Where to Get the Best Views of the Coachella Valley

Posted by Geoffrey Moore on Friday, April 30th, 2021 at 11:55am.

sunset over the coachella valley, near Palms Springs, California

One of the things that Palm Springs is known for is its sweeping desert landscapes. All along the stark Coachella Valley, rugged mountains rise up on every side, accentuating the glitzy lights and muted plains below.

Taking in these views is one of the best activities to do in Palm Springs, so if you’re visiting or living in the valley, make sure to check out at least one of these amazing view points for surveying the awe-inspiring beauty of the Coachella Valley.

1) Keys View, Joshua Tree

Keys View is arguably the best spot for taking in panoramic views of the Coachella Valley. However, of all the spots on this list, it is probably the hardest to get to from the valley itself.

Keys View is located in the beautiful Joshua Tree National Park at the crest of the Little San Bernardino Mountains, which run along the north side of the Coachella Valley.

Take Keys View Road off the main Park Boulevard and you’ll get to the view site after about 30 minutes from the park entrance. The site itself has ample parking and a short, well-marked and paved loop trail up to the viewpoint.

While the desert haze can make it difficult on most days, on a clear day you can see along the valley all the way to Mexico.

2) Palm Springs Aerial Tramway, Mountain Station

Take a relaxing gondola ride 8,500 feet up from the valley floor and end the trip with a sumptuous meal at the Peaks Restaurant below Mount San Jacinto. Relax and take in the views from your dinner table, or hike out towards the peak depending on your taste.

The Palm Springs Aerial Tramway is a popular destination for visitors and residents of Palm Springs, and is accessible off North Palm Canyon Drive. Take the Tramway Road from the intersection with the Palm Springs Visitor Center and you’ll be there in less than 10 minutes.

Surrounded by rocky cliffs and trees you can take in views of the Coachella Valley’s north end, as well as the Little San Bernardino Mountains and Downtown Palm Springs.

4) Coachella Valley Vista Point, South of Palm Desert

Approximately 15 minutes south of California Route 11, up a winding road into the Santa Rosa and San Jacinto Mountains National Monument, sits the Coachella Valley Vista Point.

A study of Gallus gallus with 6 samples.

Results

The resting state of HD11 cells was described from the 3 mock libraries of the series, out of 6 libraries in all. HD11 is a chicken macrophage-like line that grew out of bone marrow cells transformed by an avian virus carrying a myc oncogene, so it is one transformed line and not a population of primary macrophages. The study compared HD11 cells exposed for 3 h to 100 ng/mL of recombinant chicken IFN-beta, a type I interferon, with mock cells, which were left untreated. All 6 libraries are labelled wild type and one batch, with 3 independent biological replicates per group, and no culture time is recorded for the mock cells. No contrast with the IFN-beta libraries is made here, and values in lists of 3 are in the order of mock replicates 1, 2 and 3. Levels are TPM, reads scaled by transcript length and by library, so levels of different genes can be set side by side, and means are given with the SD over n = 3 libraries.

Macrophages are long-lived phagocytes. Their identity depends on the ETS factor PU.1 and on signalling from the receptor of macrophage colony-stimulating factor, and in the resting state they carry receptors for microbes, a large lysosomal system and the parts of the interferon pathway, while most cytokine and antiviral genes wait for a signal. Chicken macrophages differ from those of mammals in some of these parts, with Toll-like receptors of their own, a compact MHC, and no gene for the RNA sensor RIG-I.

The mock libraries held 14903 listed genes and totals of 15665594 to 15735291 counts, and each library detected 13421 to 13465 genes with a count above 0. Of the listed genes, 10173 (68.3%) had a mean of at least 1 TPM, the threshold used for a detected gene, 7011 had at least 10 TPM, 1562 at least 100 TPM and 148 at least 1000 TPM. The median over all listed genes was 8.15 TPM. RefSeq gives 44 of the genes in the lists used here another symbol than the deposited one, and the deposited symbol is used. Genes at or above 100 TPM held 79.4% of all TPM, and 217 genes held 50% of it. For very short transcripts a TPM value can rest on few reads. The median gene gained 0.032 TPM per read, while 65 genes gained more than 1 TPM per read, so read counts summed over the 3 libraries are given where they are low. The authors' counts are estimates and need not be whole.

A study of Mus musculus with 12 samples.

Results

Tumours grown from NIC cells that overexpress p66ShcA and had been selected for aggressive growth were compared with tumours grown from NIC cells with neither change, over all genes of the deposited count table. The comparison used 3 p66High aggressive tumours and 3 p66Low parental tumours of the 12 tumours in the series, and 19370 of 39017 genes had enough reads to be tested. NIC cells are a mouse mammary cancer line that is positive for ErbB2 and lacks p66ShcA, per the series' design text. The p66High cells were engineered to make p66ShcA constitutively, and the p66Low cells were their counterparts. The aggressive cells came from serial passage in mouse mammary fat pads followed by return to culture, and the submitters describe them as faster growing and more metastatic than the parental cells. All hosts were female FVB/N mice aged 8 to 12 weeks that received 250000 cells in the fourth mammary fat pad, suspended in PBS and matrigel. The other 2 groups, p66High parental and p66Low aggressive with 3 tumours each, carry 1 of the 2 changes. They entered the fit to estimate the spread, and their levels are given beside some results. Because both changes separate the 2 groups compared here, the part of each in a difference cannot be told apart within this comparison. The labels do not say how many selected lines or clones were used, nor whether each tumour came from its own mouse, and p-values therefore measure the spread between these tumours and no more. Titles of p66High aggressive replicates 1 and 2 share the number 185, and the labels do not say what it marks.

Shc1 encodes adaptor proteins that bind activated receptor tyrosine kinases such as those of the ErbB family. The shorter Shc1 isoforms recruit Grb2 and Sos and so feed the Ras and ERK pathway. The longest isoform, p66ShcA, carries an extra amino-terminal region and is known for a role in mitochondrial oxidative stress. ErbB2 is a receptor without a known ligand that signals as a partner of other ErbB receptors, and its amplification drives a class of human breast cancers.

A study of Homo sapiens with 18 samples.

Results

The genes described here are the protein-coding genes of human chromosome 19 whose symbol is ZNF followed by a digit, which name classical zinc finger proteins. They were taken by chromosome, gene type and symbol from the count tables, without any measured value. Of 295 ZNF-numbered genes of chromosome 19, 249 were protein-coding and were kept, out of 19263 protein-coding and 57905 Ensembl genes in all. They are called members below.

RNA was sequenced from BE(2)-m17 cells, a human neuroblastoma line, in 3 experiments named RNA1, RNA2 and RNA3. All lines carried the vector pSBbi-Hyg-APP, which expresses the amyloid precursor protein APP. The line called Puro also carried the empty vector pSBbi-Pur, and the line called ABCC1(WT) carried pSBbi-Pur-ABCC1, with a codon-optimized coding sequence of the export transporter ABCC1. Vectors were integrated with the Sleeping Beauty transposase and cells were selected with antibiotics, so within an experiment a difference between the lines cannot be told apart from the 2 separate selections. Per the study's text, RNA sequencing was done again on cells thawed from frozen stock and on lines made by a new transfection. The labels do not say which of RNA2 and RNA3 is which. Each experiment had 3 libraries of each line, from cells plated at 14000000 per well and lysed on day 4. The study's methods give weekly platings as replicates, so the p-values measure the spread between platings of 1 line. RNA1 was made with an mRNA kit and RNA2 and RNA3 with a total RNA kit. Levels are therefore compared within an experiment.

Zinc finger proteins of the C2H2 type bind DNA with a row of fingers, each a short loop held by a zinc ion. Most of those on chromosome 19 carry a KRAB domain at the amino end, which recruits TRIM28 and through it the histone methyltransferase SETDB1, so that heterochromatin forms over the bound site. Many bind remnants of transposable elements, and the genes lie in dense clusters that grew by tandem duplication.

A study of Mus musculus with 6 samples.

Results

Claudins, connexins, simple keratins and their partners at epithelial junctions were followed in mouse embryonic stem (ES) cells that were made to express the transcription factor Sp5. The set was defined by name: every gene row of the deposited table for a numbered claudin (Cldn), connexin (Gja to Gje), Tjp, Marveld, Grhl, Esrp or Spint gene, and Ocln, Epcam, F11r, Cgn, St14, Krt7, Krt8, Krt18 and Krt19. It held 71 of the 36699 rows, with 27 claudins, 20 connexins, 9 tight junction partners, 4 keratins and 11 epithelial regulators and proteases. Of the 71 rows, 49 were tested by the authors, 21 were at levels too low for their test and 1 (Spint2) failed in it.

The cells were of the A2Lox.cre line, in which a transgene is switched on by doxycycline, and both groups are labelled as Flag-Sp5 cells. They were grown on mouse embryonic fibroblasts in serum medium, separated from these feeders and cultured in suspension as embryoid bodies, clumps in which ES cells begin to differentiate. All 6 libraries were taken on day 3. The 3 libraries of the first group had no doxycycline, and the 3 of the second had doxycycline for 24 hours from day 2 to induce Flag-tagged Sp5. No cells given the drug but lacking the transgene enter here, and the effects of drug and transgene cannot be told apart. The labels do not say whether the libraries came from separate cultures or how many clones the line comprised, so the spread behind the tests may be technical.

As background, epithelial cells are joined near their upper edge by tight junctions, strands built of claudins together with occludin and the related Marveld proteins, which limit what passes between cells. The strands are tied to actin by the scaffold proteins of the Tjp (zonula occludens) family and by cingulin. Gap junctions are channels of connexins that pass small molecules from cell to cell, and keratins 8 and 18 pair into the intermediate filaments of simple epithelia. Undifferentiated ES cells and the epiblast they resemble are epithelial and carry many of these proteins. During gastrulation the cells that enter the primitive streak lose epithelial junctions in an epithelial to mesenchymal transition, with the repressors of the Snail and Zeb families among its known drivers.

This route can be taken further south, connecting through scenic valleys and towns towards San Diego. As such, the view point sits on a working route that can be accessed in the evenings as well, making for romantic views of the city lights below.

The site may not have the capacity or facilities as others, but this is still a popular spot with an unparalleled view of the city of Palm Desert. It’s also a great place to escape the heat, and for starting a journey into the rugged wilderness south of Palm Springs.

5) The Ritz-Carlton, Rancho Mirage

Above Cathedral City, between Palm Springs and Palm Desert, the Rancho Mirage Ritz-Carlton is an upmarket resort hotel. Accessible via Frank Sinatra Drive this spot doesn’t quite rise to the literal heights that some of the other viewpoints on this list do, but it makes up for it with luxury and comfort.

Best of all, you won’t need to grab a room here to enjoy the view (although that’s definitely a good way to do it). Instead, you can enjoy some fine dining at The Edge Steakhouse or a drink at the Air Pool Bar, gazing out of the windows at the awe-inspiring valley and beautiful lights of this part of the valley.

6) The North Lykken Trail, Downtown Palm Springs

The North Lykken Trailhead is accessible just off the western endpoint of Ramon Road, south of Downtown Palm Springs. The trail snakes back and forth up the eastern slopes of the San Jacinto Mountains, opening up a view of downtown Palm Springs below.

This is a great hike if you’re looking for some fresh air and exercise, all within a convenient distance of central Palm Springs. Walk as far as you want, and then come back down to enjoy some of the cafes or other attractions along Palm Springs’ main drive.

You can also use the trail to travel to some points further north, branching off by the Skyline Trail, or continuing north to either Tachevah or Chino Canyons.

Either way, this is a moderately difficult hike, relatively short in distance by gaining a lot of elevation in a short time, and also a great way to get up close with the natural surroundings of Palm Springs.

Looking to learn more about making Palm Springs your home? Get in touch with me and I'll be your local guide to everything that's related to the Palm Springs real estate market.